Please ensure Javascript is enabled for purposes of website accessibility

Waymo Expands Its Fleet to Launch Ride-Hailing Service

By Danny Vena - Feb 7, 2018 at 7:35PM

You’re reading a free article with opinions that may differ from The Motley Fool’s Premium Investing Services. Become a Motley Fool member today to get instant access to our top analyst recommendations, in-depth research, investing resources, and more. Learn More

On the road to a driverless future, Waymo is accelerating.

It appears that Waymo, the self-driving division of Google parent Alphabet Inc. (GOOGL 5.11%) (GOOG 5.20%), is moving its program into the fast lane. In a joint statement with Fiat Chrysler Automobiles N.V. (FCAU), Waymo revealed that it will be adding "thousands" of Chrysler Pacifica minivans to its fleet.

This increase comes in advance of Waymo's plans to roll out "the world's first driverless ride-hailing service" in Phoenix later this year as a commercial enterprise. The company has plans to expand the service to "more cities across the United States." 

"With the world's first fleet of fully self-driving vehicles on the road, we've moved from research and development to operations and deployment," said John Krafcik, CEO of Waymo. "The Pacifica Hybrid minivans offer a versatile interior and a comfortable ride experience, and these additional vehicles will help us scale."

A vehicle with a roomy interior like a minivan is an essential part of Waymo's long-term ride-hailing plans, as it has the capacity to transport numerous passengers in one ride.

A Chrysler Pacifica minivan outfitted with Waymo self-driving technology on a sunny street.

Fiat Chrysler will deliver "thousands" of vehicles to Waymo. Image source: Waymo.

The future is now

Since late last year, Waymo has been testing Pacifica minivans in a pilot program designed to educate the public about self-driving cars. "With this technical milestone, the hybrid minivans became the first vehicle to attain Level 4 autonomy," Waymo said in a statement. Level 4 indicates that a vehicle requires no human intervention, but it is limited by the maps within its systems.  

A rear-facing display screen in a self-driving car shows a map route.

Passengers are shown their progress along the route. Image source: Fiat Chrysler.

Riders boarding the vehicle are greeted by screens welcoming them and inviting them to push a blue "start ride" button located on an overhead console when they're ready. Passengers ride in the back seats, and rear-facing screens portray a digital display of the route. 

Waymo has tested its self-driving technology in 25 cities across the U.S., including Atlanta, San Francisco, Metro Detroit, Phoenix, and Kirkland, Wash. -- and it's recorded more than 4 million driving miles on U.S. roads, on top of billions of simulated miles.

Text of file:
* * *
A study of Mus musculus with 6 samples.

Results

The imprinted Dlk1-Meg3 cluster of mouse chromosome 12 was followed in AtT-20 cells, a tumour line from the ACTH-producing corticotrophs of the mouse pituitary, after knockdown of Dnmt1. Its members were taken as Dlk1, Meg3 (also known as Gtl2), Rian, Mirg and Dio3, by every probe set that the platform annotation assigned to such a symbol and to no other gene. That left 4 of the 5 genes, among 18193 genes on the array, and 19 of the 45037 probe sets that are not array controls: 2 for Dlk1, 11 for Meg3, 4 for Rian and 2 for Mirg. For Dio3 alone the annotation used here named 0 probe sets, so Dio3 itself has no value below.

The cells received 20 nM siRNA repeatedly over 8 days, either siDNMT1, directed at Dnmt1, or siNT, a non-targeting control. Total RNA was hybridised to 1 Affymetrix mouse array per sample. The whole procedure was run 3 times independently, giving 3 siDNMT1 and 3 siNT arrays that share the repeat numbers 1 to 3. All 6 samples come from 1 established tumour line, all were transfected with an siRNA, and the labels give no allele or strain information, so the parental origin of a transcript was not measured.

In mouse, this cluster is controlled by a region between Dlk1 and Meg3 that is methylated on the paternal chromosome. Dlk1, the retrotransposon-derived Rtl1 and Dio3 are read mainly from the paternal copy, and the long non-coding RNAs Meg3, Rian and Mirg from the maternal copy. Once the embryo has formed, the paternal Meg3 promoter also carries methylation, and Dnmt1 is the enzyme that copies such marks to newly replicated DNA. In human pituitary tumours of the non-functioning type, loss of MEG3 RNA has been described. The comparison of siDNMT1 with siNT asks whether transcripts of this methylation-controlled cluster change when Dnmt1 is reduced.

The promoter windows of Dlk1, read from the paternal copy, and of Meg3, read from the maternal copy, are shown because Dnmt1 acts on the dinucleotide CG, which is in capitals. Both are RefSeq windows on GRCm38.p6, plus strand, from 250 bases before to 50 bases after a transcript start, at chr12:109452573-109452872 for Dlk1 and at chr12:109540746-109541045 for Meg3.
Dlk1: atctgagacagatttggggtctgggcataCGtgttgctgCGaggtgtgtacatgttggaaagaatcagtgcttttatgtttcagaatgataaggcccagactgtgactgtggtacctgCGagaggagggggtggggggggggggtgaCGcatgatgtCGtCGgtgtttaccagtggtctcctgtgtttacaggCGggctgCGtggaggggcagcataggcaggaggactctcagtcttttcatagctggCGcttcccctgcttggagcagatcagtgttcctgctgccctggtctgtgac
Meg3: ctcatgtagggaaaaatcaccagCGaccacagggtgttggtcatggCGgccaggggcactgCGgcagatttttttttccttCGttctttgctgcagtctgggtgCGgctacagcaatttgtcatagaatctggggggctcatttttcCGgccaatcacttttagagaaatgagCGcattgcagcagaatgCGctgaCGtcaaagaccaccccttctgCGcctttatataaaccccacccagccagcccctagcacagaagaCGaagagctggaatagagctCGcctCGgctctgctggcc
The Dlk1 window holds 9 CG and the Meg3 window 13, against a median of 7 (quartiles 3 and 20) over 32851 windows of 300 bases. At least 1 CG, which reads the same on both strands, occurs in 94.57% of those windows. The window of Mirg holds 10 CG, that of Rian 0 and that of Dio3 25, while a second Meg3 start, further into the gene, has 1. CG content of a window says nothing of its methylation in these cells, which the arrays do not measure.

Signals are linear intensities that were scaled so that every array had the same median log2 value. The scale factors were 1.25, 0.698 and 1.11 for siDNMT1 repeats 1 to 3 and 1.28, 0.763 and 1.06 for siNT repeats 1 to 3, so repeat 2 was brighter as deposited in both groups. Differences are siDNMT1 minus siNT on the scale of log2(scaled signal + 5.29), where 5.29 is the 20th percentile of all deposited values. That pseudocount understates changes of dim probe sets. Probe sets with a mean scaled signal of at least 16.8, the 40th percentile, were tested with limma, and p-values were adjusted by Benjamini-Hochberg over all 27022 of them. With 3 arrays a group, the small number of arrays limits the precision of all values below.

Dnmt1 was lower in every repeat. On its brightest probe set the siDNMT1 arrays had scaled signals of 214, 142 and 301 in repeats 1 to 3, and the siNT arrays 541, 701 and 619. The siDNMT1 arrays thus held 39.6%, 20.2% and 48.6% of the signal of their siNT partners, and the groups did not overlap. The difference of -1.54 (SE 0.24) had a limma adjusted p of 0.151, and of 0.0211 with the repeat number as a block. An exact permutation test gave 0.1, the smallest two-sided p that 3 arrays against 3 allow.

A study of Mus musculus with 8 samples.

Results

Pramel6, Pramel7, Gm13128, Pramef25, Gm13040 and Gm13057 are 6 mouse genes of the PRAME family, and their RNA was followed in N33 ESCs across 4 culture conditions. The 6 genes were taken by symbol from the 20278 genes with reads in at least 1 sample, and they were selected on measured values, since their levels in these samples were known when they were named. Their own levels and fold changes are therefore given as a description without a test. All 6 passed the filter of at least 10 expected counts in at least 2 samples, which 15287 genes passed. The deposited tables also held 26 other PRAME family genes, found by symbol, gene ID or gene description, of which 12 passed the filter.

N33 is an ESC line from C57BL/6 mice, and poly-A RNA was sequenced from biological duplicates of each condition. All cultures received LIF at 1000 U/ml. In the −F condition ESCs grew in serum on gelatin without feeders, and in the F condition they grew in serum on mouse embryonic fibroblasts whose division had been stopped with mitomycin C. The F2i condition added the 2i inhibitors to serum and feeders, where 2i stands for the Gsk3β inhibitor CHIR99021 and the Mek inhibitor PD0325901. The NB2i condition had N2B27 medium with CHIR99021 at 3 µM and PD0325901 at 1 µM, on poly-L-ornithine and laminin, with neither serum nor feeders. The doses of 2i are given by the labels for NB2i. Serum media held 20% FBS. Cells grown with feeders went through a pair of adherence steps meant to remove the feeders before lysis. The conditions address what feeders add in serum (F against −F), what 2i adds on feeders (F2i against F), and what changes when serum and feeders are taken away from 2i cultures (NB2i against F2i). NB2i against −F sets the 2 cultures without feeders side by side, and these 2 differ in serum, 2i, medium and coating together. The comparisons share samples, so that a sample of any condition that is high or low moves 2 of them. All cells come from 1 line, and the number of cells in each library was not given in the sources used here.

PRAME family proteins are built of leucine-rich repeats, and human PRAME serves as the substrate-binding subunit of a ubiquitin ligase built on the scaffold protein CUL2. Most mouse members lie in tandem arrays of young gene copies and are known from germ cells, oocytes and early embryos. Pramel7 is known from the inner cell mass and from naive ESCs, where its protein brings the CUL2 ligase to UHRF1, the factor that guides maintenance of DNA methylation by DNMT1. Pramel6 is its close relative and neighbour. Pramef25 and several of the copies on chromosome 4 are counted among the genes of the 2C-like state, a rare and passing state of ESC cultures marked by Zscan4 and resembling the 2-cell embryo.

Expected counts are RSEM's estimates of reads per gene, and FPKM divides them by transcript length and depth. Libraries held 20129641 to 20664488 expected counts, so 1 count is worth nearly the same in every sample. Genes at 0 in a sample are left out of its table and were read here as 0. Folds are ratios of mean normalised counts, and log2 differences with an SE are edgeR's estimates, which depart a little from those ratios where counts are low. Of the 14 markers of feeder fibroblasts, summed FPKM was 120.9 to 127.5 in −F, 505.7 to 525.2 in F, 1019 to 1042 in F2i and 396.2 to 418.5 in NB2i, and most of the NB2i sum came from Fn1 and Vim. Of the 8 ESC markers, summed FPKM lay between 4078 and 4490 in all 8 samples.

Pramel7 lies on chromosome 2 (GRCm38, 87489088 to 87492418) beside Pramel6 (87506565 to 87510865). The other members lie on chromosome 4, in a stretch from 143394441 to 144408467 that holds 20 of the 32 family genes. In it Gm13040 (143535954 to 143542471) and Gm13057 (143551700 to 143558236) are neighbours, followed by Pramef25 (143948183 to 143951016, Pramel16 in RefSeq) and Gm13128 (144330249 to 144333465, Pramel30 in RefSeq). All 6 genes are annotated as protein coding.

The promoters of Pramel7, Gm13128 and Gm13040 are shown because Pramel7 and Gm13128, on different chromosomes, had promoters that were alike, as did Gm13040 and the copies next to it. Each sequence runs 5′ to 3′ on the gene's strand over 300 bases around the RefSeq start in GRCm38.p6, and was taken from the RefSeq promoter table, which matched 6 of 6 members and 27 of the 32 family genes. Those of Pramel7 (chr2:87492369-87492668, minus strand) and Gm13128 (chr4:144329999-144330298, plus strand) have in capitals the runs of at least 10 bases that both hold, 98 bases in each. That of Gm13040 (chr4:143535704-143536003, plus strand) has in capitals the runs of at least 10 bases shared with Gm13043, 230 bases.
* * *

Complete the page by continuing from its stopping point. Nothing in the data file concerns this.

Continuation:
The interior of a self-driving minivan.

Display screens await riders, who must push the "start ride" button in the overhead console to proceed. Image source: Fiat Chrysler.

A growing, if unlikely, partnership

"Our partnership with Waymo continues to grow and strengthen; this represents the latest sign of our commitment to this technology," said Sergio Marchionne, CEO of Fiat Chrysler.

Chrysler minivans were an early addition to Waymo's fleet with the first delivery of 100 vehicles occurring in December 2016, after an initial agreement in May of that year. Engineers from the two companies then joined forces at a facility in southeastern Michigan to speed up the development process.

An additional order of 500 minivans came last April, which coincided with an announcement to kick off Waymo's Early Rider Program. The pilot program, which was conducted in the area around Phoenix, offered local residents rides for everyday trips to the grocery store, school, taking kids to soccer practice, and commuting to work. At the time, there was always a test driver behind the wheel.

What's it worth?

It's difficult to estimate what Waymo could be worth in the long run, but that hasn't stopped a couple of Wall Street hot shots from trying. Analysts Brian Nowak and Adam Jonas of Morgan Stanley presented their assumptions in a note to clients last May, theorizing that if Waymo's fleet expanded to 3 million cars over time, with each vehicle covering 65,000 miles annually, and producing $1.25 of revenue for each mile, it would result in a company with an enterprise value of $70 billion. 

It's important to note that this is all fun with numbers and there are many more obstacles on the road to a fully self-driving society. It does, however, give an indication of just how big an opportunity this could be -- and the future is closer than you think.

Invest Smarter with The Motley Fool

Join Over 1 Million Premium Members Receiving…

  • New Stock Picks Each Month
  • Detailed Analysis of Companies
  • Model Portfolios
  • Live Streaming During Market Hours
  • And Much More
Get Started Now

Stocks Mentioned

Alphabet Inc. Stock Quote
Alphabet Inc.
GOOGL
$2,359.50 (5.11%) $114.66
Alphabet Inc. Stock Quote
Alphabet Inc.
GOOG
$2,370.76 (5.20%) $117.07
Fiat Chrysler Automobiles N.V. Stock Quote
Fiat Chrysler Automobiles N.V.
FCAU

*Average returns of all recommendations since inception. Cost basis and return based on previous market day close.

Related Articles

Motley Fool Returns

Motley Fool Stock Advisor

Market-beating stocks from our award-winning analyst team.

Stock Advisor Returns
336%
 
S&P 500 Returns
115%

Calculated by average return of all stock recommendations since inception of the Stock Advisor service in February of 2002. Returns as of 06/26/2022.

Discounted offers are only available to new members. Stock Advisor list price is $199 per year.

Premium Investing Services

Invest better with The Motley Fool. Get stock recommendations, portfolio guidance, and more from The Motley Fool's premium services.